Hey all,
    working on z/os DB2 V10 and LUW multiple versions. I am attempting a common comment table. You know how we all have different tables with comments and most of the column is unused, but we have it defined as 1k,2k,4k bytes or more. Then we have the developers coming over saying they need the size of this comment column increased to x.
    Here is my plan. I have a comment table, contains:
    table name
    Comment type
    seq nbr
    parent_key(string field)
    comment(250 bytes)
    This will allow to have as long as you could ever want for a comment, stored as individual rows 1 - n. I have written a query, probably implement as a view, that will select all the rows for a particular parent key and give back a single row of comment column(i.e.string it all together).
    I am having difficulty with the INSERT portion. I am trying to set it up, so that they just insert into y a single row with whatever length comment they have, Then I have an instead of trigger on the table that would break that long string into the 250 byte strings. I know how to string rows together and how to unstring a row into rows.
    I am having difficulty with performing n inserts with this long string, froma single insert. Was wondering if any may have an idea.

    Thanks.
    Dave

  2. #2
    Code:
    ; WITH cte (key, seq, foo) AS (
    SELECT key, seq, Cast(comment AS VARCHAR(3999)) AS foo
       FROM comment_table
       WHERE  1 = seq
    UNION ALL SELECT key, seq, Cast(comment || foo AS VARCHAR(3999)) AS foo
       FROM cte
       JOIN comment_table
          ON (comment_table.key = cte.key
          AND comment_table.seq = 1 + cte.seq)
    )
    SELECT Max(foo) AS Comment
       GROUP BY key;
    You may also only want one specific key/comment pair, which you can set by a WHERE clause in the final SELECT statement.

    -PatP
    In theory, theory and practice are identical. In practice, theory and practice are unrelated.

  3. #3

    -PatP
    In theory, theory and practice are identical. In practice, theory and practice are unrelated.

  4. #4
    I think you missed my problem. The problem I am having is how in an instead of trigger would I get it to fire n inserts? Like I said I can break my one long statement into chunks without issue, I can put all my chunks into one string. I was attempting to do a behind the scenes breaking into chunks with an INSTEAD OF TRIGGER, but I think I will not be able to do such, it may have to be done via a stored proc or maybe a udf.
    Dave

  5. #5

    I've never actually tried to do that, but I'm pretty sure that it would just be a case of the reverse of the cte that I described... Use the OLD reference to get the column value, split it into N byte pieces, and insert those pieces into the comment table. The INSERT operation ought to be easy. The update might be a bigger challenge if there were either more or fewer segments than there were before the update... I might chicken out and delete the whole lot and re-insert them just to be sure..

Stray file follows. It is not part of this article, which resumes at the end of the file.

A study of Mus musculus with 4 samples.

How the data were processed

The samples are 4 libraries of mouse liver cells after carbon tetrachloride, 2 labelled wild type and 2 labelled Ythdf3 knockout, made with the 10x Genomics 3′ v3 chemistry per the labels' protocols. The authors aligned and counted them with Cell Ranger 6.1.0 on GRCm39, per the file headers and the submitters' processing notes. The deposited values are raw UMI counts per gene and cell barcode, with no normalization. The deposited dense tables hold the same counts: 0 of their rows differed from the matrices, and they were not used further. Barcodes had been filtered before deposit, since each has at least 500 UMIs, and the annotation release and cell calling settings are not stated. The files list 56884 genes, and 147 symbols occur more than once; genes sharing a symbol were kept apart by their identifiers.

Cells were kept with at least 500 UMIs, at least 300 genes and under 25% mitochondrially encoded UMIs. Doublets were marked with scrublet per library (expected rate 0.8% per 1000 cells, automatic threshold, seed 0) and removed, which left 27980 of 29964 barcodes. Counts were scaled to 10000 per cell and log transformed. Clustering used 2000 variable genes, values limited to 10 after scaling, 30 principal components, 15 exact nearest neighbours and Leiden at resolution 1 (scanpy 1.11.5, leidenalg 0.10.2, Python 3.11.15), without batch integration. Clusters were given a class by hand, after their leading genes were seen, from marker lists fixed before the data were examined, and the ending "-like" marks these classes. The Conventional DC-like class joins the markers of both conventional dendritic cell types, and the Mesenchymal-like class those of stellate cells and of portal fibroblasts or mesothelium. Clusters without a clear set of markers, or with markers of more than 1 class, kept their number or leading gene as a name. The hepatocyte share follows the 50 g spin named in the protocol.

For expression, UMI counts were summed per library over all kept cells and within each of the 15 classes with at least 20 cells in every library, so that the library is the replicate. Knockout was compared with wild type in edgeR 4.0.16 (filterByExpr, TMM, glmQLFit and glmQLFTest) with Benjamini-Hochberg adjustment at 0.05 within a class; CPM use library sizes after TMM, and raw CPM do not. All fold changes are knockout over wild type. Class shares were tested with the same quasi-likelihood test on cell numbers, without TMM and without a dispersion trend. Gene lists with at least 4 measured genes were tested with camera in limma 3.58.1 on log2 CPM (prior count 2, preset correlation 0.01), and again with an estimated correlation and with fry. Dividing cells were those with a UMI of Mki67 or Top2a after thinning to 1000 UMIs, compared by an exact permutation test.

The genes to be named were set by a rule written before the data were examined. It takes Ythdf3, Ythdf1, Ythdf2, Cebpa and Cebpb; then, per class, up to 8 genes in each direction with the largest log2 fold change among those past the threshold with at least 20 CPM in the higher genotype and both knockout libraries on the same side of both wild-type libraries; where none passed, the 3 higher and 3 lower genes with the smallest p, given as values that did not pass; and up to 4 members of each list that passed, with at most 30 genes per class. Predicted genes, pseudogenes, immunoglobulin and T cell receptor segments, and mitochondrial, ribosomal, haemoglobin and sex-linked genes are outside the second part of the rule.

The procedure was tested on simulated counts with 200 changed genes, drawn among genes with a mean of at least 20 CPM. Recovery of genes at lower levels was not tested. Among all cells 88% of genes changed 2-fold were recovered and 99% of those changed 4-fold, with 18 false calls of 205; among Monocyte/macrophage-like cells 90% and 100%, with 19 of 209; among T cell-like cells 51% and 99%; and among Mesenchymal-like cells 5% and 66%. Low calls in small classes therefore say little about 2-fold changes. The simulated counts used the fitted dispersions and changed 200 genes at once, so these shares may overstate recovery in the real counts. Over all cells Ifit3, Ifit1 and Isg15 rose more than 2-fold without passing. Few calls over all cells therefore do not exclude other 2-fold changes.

As I wrote before, I get the feeling that this is a case of gilding the lily... DB2 does a pretty good job of handling strings itself, so I'm not sure that you can gain enough to make this worth the effort.

    -PatP
    In theory, theory and practice are identical. In practice, theory and practice are unrelated.

  6. #6

    Even if you're asked to accommodate longer comments, you can use inlined CLOBs -- I'm sure in 99.9% of cases the comments will fit in the rows thus avoiding the performance penalty.
    ---
    "It does not work" is not a valid problem statement.

  7. #7

    try this:

    Code:
    create table comment_tab (key int not null, seq int not null, chunk varchar(10), primary key(key, seq));
    
    create view comment_tab_v as 
    select key, cast(listagg(chunk) within group (order by seq) as clob(5k)) str
    from comment_tab 
    group by key;
    
    create trigger comment_tab_v_iir
    instead of insert
    on comment_tab_v
    referencing new as n
    for each row
    insert into comment_tab
    with a(seq, start_pos, len) as (
    values (1, 1, min(length(n.str), 10))
      union all
    select a.seq+1, a.start_pos + a.len, min(length(n.str) - (a.start_pos + a.len) + 1, 10)
    from a
    where min(length(n.str) - (a.start_pos + a.len) + 1, 10) > 0
    )
    select n.key, a.seq, substr(n.str, a.start_pos, a.len) chunk
    from a;
    
    grant insert on table comment_tab_v to user your_user_name;
    
    insert into comment_tab_v values (1, 'my very long string which is longer than 10 symbols');
    
    select * from comment_tab_v where key=1;
    select * from comment_tab where key=1;
    This will not work on non-ascii characters and we don't have the listagg function on z/os, so you have to use some RCTE like you provided (or XMLAGG) for the view on db2 for z/os.
    Regards,
    Mark.

  8. #8
    Thanks. That was the part I couldn't wrap my head around yesterday. I was thinking more along the lines of how I am going to perform n inserts.


    @Pat,
    Not after performance gains or disk savings, more my time savings. From here out, we will not have to add a comment field, make a comment field larger, etc... Been a lot of these being added and increased lately as more after the customer experience tracking and surveys in the business line right now.

    @nick,
    We had thought about that, but with something like 95% of these comments being smaller, we decided to go with the average and then do the multiple rows when they need it.
    Dave

  9. #9
    ---
    "It does not work" is not a valid problem statement.